This February, six students from Iowa State’s African and African American Studies Program attended the Southern Conference of African American Studies, held in downtown Atlanta. This year’s conference reflected on President Barack Obama’s early legacy and his impact as the first black president on American society and the black community.
For Madalyn Smith (community and regional planning, ’18), it was an opportunity to further explore an area of study she discovered during her first semester at Iowa State.
Smith took Introduction to African American Studies in the Fall of 2014, during the aftermath of the fatal shooting of unarmed black teenager Michael Brown by a white police officer in Ferguson, Missouri.
"The class combined with the very real, heightened racial tension made me feel like understanding the history and story of African Americans in the United States was really important," Smith said. "African American history is American history and it is so often ignored and diminished but so vital to understanding the current social and political environment."
Smith’s favorite session at the Atlanta conference featured young Atlanta counselors, entrepreneurs and aspiring politicians. Networking with those leaders and with the scholars who presented has inspired her to potentially pursue African American Studies at the graduate level.
"I want to combine it with planning because the profession of planning has caused a lot of damage in the black community," she said. "I want to understand the connection on a deeper level and hopefully develop policies to rectify that damage."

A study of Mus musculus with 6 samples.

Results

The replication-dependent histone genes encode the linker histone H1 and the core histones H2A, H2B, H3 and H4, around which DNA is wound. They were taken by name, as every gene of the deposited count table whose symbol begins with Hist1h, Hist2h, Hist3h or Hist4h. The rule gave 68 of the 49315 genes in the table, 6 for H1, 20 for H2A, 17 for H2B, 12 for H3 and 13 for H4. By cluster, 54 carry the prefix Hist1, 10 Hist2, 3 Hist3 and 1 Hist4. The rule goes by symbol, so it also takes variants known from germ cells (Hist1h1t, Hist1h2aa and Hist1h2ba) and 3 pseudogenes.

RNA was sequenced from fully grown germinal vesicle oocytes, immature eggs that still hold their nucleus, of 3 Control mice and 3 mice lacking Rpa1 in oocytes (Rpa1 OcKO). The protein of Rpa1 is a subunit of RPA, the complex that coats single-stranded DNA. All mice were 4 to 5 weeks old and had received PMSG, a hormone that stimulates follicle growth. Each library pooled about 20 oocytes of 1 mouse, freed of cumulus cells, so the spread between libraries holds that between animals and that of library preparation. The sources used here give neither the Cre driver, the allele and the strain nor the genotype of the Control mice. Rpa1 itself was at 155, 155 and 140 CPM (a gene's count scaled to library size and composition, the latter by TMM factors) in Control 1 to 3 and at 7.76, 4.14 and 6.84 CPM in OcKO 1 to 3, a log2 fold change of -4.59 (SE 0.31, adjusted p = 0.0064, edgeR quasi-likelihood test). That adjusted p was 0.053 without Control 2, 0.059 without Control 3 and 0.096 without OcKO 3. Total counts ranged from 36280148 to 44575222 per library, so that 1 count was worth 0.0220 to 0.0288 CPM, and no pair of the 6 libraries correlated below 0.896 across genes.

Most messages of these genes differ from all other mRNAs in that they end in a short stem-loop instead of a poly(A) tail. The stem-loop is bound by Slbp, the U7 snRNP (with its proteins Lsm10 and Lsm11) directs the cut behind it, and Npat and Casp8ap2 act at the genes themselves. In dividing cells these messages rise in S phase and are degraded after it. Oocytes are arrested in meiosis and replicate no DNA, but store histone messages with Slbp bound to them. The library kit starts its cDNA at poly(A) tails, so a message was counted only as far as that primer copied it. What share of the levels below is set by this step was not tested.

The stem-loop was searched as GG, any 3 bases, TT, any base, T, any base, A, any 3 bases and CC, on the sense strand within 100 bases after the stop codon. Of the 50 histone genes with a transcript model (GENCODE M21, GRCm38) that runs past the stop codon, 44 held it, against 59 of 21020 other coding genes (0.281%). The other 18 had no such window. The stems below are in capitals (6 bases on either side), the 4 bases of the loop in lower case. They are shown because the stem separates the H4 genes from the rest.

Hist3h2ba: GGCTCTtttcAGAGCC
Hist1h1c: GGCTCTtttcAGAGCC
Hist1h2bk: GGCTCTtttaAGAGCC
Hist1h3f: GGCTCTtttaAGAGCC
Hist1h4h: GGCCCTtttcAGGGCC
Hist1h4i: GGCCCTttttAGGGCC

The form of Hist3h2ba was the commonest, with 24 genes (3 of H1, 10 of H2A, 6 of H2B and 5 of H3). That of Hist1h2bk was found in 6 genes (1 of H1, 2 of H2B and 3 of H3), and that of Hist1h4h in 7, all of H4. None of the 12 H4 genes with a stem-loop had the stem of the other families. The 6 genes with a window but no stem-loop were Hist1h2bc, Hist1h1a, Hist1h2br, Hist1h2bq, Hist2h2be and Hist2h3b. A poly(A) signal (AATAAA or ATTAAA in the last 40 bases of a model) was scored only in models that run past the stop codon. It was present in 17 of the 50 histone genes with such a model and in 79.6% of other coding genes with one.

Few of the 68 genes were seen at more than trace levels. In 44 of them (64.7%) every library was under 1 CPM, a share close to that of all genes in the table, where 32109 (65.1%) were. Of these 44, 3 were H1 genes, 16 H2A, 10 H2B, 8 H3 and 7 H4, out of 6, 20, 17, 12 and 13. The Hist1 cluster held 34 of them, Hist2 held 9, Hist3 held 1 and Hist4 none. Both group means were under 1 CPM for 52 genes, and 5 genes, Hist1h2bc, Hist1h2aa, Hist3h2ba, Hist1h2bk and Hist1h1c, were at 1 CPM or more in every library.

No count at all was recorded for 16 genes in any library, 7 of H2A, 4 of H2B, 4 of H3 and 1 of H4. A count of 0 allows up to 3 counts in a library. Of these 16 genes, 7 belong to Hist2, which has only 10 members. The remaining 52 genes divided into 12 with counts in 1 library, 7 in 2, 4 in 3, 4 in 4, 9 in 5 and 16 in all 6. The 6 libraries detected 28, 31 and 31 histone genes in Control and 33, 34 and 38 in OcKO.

Smith said she hopes more Iowa State students will take at least one African American Studies class during college.
African and African American Studies, a cross-disciplinary program in the College of Liberal Arts and Sciences, serves students from a diverse range of majors on campus, offering courses that explore the history and experiences of Africans, people of African descent across the globe, and African Americans through the study of history, art, literature, religion, political science, psychology, anthropology, economics and sociology. Students can minor in the discipline or design an interdisciplinary studies major with an emphasis in African and African American Studies.
Iowa State students received high praise at the conference for their participation and insight, Tunde Adeleke, professor and director of the African and African American Studies program, said.
"The Southern Conference of African American Studies is one of the leading professional associations in the field," Adeleke said. "It has a student-centered philosophy that strongly encourages students’ participation. Our students’ contributions drew applause and commendations from the distinguished professors in the audience. During the closing ceremony, Iowa State University students were asked to stand up to be recognized and applauded. I am truly very proud of them."
Scholar Eugene Barrington, emeritus professor from Texas Southern University, attended the conference and was among those who praised Iowa State students for their contributions.
"I was also impressed with the very talented students from Iowa State," he said. "They contributed added value to several sessions. Your students provided analyses and insight beyond their years."
Adeleke said at least two of the Iowa State students who attended have pledged to return next year and also participate in the conference’s Hornsby Memorial Collegiate Quiz Bowl.